March, April, and May are the prime months for tornadic activity in Georgia. Our team at Incredible Tree Service provides assistance in multiple tornado-prone areas throughout Georgia, Alabama, and Tennessee.
Emergency preparedness is not just the concern of people on the west coast who have earthquakes, those who live in “Tornado Alley” or Gulf Coast residents who experience hurricanes. Most communities may be affected by several types of catastrophes during a lifetime. Therefore, knowing what to do before, during and after an emergency is a critical part of being prepared and may make all the difference when seconds count.
Some of the basic protective actions are similar for multiple disasters. For example, safety is necessary when experiencing all hazards. Depending on the specific emergency, this could include plans for sheltering or evacuating. Developing a family communication plan or making an emergency supply kit are the same for most emergencies, natural disasters and terrorism. However, there are important differences among potential emergencies that should influence the decisions you make and the actions you take.
• Create and maintain an inventory of your personal possessions. Use a camera to take pictures or video of both the interior and exterior of your home as well as your property, including items stored on your property such as vehicles or lawn/farm equipment. Maintain receipts for all major items. This documentation should be saved in a safe place outside your home, such as in a safe deposit box at your bank or utilize an online cloud storage service to store files or data objects.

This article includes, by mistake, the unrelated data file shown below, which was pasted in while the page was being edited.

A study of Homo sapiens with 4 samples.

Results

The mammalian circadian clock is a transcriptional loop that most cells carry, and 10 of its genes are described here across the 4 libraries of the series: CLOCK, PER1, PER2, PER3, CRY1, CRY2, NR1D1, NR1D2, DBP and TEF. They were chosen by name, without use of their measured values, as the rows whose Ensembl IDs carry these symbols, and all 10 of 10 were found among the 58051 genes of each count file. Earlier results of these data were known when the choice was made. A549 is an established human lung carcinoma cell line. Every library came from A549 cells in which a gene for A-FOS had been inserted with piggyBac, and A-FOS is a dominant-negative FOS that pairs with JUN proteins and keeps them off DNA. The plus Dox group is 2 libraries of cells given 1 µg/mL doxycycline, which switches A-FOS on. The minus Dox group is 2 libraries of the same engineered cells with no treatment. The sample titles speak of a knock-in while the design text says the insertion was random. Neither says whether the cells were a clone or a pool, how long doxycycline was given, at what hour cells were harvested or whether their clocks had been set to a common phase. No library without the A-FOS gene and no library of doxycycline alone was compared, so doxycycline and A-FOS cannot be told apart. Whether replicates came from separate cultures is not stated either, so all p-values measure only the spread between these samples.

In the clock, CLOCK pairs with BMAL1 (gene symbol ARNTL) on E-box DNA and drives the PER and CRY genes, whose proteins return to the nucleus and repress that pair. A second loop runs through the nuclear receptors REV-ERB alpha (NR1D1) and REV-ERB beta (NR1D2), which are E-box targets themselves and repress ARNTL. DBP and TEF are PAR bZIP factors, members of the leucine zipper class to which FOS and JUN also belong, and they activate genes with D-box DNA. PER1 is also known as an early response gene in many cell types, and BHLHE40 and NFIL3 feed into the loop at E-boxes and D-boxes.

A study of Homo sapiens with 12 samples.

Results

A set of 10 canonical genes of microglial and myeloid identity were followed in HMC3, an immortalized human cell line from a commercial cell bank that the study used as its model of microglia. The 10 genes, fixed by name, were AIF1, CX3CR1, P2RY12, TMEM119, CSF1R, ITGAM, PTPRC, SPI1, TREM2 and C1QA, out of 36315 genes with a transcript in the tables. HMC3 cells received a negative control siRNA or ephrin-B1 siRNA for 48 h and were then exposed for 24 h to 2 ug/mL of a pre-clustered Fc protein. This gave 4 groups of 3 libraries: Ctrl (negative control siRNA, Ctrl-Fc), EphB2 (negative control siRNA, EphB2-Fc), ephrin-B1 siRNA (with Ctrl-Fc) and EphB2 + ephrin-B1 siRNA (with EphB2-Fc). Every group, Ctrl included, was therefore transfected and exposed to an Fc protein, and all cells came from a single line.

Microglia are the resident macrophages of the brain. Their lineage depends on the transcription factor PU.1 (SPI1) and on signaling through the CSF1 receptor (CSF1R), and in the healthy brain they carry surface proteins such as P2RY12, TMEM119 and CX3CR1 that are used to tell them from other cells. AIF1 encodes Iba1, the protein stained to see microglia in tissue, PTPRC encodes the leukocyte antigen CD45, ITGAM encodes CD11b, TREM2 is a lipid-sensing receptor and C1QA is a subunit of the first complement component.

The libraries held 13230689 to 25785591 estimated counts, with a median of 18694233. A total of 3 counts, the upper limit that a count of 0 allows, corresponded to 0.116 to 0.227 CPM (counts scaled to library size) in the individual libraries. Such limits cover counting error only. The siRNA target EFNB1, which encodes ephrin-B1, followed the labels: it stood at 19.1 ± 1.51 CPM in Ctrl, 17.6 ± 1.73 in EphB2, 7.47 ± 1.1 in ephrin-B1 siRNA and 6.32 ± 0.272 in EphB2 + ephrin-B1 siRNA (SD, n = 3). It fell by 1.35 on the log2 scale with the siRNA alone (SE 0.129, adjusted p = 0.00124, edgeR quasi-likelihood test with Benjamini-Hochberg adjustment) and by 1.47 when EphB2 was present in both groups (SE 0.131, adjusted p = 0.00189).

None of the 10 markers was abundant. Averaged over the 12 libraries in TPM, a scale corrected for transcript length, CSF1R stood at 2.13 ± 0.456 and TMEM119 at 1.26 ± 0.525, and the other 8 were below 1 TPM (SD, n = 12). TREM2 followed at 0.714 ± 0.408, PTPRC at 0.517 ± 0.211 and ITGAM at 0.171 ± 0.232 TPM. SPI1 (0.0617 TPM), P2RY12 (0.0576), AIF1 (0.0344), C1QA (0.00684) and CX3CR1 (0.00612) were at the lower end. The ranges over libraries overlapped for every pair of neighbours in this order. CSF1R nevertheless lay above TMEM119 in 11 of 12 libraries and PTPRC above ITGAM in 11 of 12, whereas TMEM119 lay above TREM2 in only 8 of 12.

• Keep all of your insurance policies organized and in an easily accessible spot. Review your coverage each year to make sure it is adequate should you have storm damage to your home, vehicle or property. Discuss with your insurance agent what liabilities you might have, if any, should any of your personal items or trees cause damage to neighboring homes or properties during a storm.
• Be sure to note deadlines for filing claims.
• Make sure you carry your policy numbers and contact information for your insurance company with you at all times.
• Create a basic emergency kit with the following essentials recommended by the Florida Division of Emergency Management in case of a disaster.
Our Team recommends using FEMA’s website at http://www.ready.gov/ to learn about the potential emergencies that could occur where you live and the appropriate ways to respond to them. When you know what to do, you can plan and prepare in advance to be ready. The FEMA website provides information about how to protect your household and begin recovery following the initial disaster.
Familiarize yourself with the signs of events that come without warning and know the local advance alerts and warnings and how you will receive them. Knowing about the local emergency plans for shelter and evacuation, local emergency contacts, the locations frequented by members of your household and the specific needs of household members including animals will help you reduce the impact of disasters. It may also save lives and prevent injuries during a crisis.
Natural disasters like tornados, hurricanes, floods, fires and earthquakes can bring out the best in people, as strangers reach out to help others in need. Unfortunately, crisis also brings out persons who choose to take advantage of the victims.
Disaster victims should never feel forced to make a hasty decision. Start With Trust.